With media moguls like Rupert Murdoch clamoring to charge for his newspaper websites will it be the precursor to other websites charging for their content?
Murdoch is finding out it is not easy to implement charges for what has been free content for years. It was 2009 when he first mentioned charging for content but it is now 2011 and as far as I know it hasn’t been instituted in the United States.
However his News Corporation is charging for the online editions of Times of London and News of the World newspapers in the UK.
Murdoch hopes to start charging .99 cents a week for his new digital paper The Daily which is targeted at I Pad users. Latest plans are for the paper to go online in the next two weeks.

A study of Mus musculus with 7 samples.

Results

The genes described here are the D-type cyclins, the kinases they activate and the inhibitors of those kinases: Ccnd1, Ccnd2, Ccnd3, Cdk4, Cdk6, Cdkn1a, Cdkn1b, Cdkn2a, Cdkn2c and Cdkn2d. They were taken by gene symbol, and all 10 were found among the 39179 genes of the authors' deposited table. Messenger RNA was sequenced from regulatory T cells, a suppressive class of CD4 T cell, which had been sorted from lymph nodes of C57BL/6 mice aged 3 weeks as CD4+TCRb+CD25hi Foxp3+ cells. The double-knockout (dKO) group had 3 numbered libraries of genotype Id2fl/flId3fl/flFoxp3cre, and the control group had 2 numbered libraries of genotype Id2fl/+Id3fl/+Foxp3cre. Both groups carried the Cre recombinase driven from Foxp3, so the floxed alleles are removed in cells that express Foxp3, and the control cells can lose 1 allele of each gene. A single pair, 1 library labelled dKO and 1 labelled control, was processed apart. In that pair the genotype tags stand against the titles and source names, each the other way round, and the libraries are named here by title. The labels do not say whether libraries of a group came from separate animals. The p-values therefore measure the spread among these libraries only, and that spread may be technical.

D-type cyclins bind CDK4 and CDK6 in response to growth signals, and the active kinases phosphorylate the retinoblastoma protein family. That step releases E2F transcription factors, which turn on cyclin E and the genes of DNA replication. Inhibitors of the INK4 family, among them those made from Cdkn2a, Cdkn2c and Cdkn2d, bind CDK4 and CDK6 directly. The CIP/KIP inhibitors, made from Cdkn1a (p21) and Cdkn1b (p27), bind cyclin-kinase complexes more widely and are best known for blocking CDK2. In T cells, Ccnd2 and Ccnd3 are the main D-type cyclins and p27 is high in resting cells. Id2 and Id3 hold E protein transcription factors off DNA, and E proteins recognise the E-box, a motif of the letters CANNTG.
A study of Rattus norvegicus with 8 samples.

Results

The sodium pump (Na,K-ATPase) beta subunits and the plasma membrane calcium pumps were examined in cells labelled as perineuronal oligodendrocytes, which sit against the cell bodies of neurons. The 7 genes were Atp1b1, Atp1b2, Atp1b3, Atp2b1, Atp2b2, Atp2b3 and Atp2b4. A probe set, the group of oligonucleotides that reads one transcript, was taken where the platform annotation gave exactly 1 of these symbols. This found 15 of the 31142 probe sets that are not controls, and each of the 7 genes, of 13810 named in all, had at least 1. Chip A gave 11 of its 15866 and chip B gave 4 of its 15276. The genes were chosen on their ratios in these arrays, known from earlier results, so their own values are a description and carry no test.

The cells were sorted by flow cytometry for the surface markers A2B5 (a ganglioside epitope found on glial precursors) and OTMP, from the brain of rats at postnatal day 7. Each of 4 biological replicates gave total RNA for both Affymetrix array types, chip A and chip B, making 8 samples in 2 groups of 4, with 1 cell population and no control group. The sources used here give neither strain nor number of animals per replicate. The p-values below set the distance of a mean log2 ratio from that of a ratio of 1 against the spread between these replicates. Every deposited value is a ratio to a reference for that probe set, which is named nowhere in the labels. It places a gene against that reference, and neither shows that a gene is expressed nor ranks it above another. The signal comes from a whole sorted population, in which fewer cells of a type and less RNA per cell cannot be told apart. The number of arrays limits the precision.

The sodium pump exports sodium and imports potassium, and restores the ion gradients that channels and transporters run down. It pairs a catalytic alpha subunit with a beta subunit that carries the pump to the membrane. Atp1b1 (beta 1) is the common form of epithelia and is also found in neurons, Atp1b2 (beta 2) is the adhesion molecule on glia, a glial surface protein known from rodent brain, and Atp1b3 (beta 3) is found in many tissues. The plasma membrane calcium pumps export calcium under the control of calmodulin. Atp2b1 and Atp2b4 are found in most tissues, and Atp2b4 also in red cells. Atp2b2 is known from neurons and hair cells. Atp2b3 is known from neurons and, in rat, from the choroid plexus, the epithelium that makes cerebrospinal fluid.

As much as internet users may like Facebook and My Space they would likely desert the social network websites in droves if they began charging to enter their websites.
It may be financial suicide for the owners of these sites to begin charging since their current advertisers would surely ask for a reduction in their advertising rates since there would be millions of less visitors to those sites plus there would be a huge reduction in sales for the advertisers.
Free email service providers would be the most likely to lose the least if they start charging since so many consumers are so accustomed to having the convenience of email that they would agree to pay a nominal fee to avoid going back to sending letters via the postal service for almost 50 cents a letter.
Only the most ardent and more affluent sports fans would pay for sports websites like MLB.com, NFL.com and NBA.com.
The only other website that may be able to survive charging user fees is a search engine like Google.
Hopefully owners of most websites will understand that the economics of the internet does not bode well for the websites that charge for their services.
Personally the only service I would pay for is for email service as long as there are no free email services still available.